NetRexx Overview, version 2.02
Copyright (c) IBM Corporation, 2001. All rights reserved. ©
22 May 2001
[previous | contents | next]

Things that aren't strings

In all the examples so far, the data being manipulated (numbers, words, and so on) were expressed as a string of characters. Many things, however, can be expressed more easily in some other way, so NetRexx allows variables to refer to other collections of data, which are known as objects.

Objects are defined by a name that lets NetRexx determine the data and methods that are associated with the object. This name identifies the type of the object, and is usually called the class of the object.

For example, an object of class Oblong might represent an oblong to be manipulated and displayed. The oblong could be defined by two values: its width and its height. These values are called the properties of the Oblong class.

Most methods associated with an object perform operations on the object; for example a size method might be provided to change the size of an Oblong object. Other methods are used to construct objects (just as for arrays, an object must be constructed before it can be used). In NetRexx and Java, these constructor methods always have the same name as the class of object that they build (‘Oblong’, in this case).

Here's how an Oblong class might be written in NetRexx (by convention, this would be written in a file called Oblong.nrx; implementations often expect the name of the file to match the name of the class inside it):

  /* Oblong.nrx -- simple oblong class */

  class Oblong

    width       -- size (X dimension)

    height      -- size (Y dimension)


    /* Constructor method to make a new oblong */

    method Oblong(newwidth, newheight)

      -- when we get here, a new (uninitialized) object

      -- has been created.  Copy the parameters we have

      -- been given to the properties of the object:

      width=newwidth; height=newheight


    /* Change the size of an Oblong */

    method size(newwidth, newheight) returns Oblong

      width=newwidth; height=newheight

      return this   -- return the resized object


    /* Change the size of an Oblong, relatively */

    method relsize(relwidth, relheight)-

                  returns Oblong

      width=width+relwidth; height=height+relheight

      return this


    /* 'Print' what we know about the oblong */

    method print

      say 'Oblong' width 'x' height

To summarize:
  1. A class is started by the class instruction, which names the class.
  2. The class instruction is followed by a list of the properties of the object. These can be assigned initial values, if required.
  3. The properties are followed by the methods of the object. Each method is introduced by a method instruction which names the method and describes the arguments that must be supplied to the method. The body of the method is ended by the next method instruction (or by the end of the file).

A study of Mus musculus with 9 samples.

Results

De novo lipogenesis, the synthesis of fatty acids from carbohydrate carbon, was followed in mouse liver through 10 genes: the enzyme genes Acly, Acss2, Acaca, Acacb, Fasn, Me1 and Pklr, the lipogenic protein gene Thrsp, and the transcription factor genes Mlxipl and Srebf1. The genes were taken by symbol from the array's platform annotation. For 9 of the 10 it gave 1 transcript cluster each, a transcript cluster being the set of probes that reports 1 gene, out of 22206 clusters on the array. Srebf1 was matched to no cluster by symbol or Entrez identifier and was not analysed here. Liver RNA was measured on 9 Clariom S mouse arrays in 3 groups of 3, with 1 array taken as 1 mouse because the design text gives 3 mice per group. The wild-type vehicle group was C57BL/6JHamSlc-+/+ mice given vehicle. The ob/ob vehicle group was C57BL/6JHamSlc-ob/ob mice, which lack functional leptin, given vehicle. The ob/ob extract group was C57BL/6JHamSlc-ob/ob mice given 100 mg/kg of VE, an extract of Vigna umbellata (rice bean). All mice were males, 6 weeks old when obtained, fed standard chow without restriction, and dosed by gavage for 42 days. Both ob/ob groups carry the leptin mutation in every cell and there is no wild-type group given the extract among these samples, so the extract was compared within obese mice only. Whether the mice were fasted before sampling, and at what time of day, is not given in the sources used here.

The Oblong.nrx file is compiled just like any other NetRexx program, and should create a class file called Oblong.class. Here's a program to try out the Oblong class:

  /* tryOblong.nrx -- try the Oblong class */


  first=Oblong(5,3)        -- make an oblong

  first.print              -- show it

  first.relsize(1,1).print -- enlarge and print again


  second=Oblong(1,2)       -- make another oblong

  second.print             -- and print it

when tryOblong.nrx is compiled, you'll notice (if your compiler makes a cross-reference listing available) that the variables first and second have type Oblong. These variables refer to Oblongs, just as the variables in earlier examples referred to NetRexx strings.

Once a variable has been assigned a type, it can only refer to objects of that type. This helps avoid errors where a variable refers to an object that it wasn't meant to.

Programs are classes, too

It's worth pointing out, here, that all the example programs in this overview are in fact classes (you may have noticed that compiling them with the reference implementation creates xxx.class files, where xxx is the name of the source file). The environment underlying the implementation will allow a class to run as a stand-alone application if it has a static method called main which takes an array of strings as its argument.

If necessary (that is, if there is no class instruction) NetRexx automatically adds the necessary class and method instructions for a stand-alone application, and also an instruction to convert the array of strings (each of which holds one word from the command string) to a single NetRexx string.

The automatic additions can also be included explicitly; the ‘toast’ example could therefore have been written:

  /* This wishes you the best of health. */

  class toast

    method main(argwords=String[]) static


      say 'Cheers!'

though in this program the argument string, arg, is not used.
[previous | contents | next]

From The NetRexx Language by Mike Cowlishaw, (ISBN 0-13-806332-X, 197pp, Prentice-Hall, 1997).